Americans who owned property in Cuba before the Spanish-American War invested heavily to improve their holdings. They built railroads and factories to serve their own business needs. Their investments added value to the island for the benefit of everyone. Jobs were created. Productivity and exports were up. New products and services were arriving, and Cubans as well as island creoles were able to purchase them with money that they were earning from the Americans. After the war, American investment spread over the rest of the island.
Cuba had known such prosperity only once before in its history, during the few brief months that England had ruled the island after defeating the Spanish. Unfortunately, Britain traded the island back to the Spaniards in exchange for Florida, and Cuba returned to the economic doldrums. Spain never invested in the island or its people.
All that changed when the war ended and Cuba became an American protectorate. Granted, there were Americans who flooded the island. Their energy and industry overwhelmed the native islanders. Regardless of how much money they may have had, these Yankees were there to prosper and, as far as they were concerned, it didn't matter who had to get out of their way. The officials who had been sent by the United States government to administer the island didn't see anything wrong with this. Indeed, they likely hoped that the Cubans would learn the Puritanical work ethic from living and working with the Americans. Of course, Jose Marti's ghost must have recoiled in horror at the death of his beloved Cuban heritage.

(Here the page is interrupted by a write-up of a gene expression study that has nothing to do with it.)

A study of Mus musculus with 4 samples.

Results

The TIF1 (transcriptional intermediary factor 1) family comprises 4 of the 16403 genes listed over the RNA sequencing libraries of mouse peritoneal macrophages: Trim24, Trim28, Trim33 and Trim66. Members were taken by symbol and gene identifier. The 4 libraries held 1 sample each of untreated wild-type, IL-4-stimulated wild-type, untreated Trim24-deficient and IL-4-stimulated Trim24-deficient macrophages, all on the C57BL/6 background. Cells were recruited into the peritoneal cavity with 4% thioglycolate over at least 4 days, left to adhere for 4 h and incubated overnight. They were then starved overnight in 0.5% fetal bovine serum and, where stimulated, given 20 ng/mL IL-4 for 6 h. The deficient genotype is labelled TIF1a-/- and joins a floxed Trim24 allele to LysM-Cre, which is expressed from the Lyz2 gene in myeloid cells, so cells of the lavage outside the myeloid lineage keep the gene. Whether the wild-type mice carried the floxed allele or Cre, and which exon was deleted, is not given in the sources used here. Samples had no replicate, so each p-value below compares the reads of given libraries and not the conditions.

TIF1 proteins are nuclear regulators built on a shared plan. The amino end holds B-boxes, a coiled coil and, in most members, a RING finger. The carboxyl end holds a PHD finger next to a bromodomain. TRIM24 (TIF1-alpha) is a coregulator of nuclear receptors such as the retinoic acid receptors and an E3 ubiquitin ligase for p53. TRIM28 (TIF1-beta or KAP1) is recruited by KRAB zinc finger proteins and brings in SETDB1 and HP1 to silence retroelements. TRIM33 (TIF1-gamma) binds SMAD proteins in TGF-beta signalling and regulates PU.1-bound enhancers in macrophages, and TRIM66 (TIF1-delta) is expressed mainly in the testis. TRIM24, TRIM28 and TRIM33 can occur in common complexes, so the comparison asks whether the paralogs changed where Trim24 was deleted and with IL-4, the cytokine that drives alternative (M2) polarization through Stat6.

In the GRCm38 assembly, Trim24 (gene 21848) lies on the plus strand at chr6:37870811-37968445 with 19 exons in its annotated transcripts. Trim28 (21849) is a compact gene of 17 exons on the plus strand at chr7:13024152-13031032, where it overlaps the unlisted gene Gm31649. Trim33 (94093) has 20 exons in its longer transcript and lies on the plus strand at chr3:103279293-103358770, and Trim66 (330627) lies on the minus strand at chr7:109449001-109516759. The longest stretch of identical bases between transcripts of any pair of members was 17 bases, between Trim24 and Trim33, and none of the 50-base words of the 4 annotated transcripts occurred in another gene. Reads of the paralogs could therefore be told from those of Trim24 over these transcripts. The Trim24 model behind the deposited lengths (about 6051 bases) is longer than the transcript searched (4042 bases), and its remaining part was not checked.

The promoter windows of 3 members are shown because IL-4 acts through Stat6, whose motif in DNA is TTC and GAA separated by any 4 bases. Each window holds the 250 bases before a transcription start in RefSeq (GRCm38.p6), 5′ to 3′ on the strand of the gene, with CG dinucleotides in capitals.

However, just for the moment, let's consider what might have happened had America remained neutral and allowed Cuba to win its own independence.
Would the new government of Cuba have forced the Americans as well as the Spaniards to leave? It's highly unlikely. The Cubans needed investment capital to recover from the losses incurred during the revolution, and to begin building a modern country with a stable economy. Americans hardly would have been likely to pump more money into the island if they had been forced out. Furthermore, there was no other Latin American country with the means to help them at that time, and European nations couldn't be expected to help out a distant island that wasn't their own colony.
Would a free Cuba have been able to survive without outside investment? Possibly. However, they would have become another Haiti. That island struggled for centuries to survive let alone prosper. Indeed, it hasn't succeeded even yet. Of course, Haiti was saddled with the debt of purchasing itself and its people from the owners in France. That debt was only recently paid off.
Interestingly, a few months prior to the Spanish-American War, a group of American financiers crafted a plan for the Cubans to buy their independence from Spain using funds that would be loaned by the Americans. Had the Cubans availed themselves of this offer, they would have put themselves in the same position as the Haitians, and probably still be paying the debt.
It's fun to speculate, but it's hard enough to know what actually happened. Fathoming a history that never happened is not only more difficult, but also a meaningless intellectual exercise.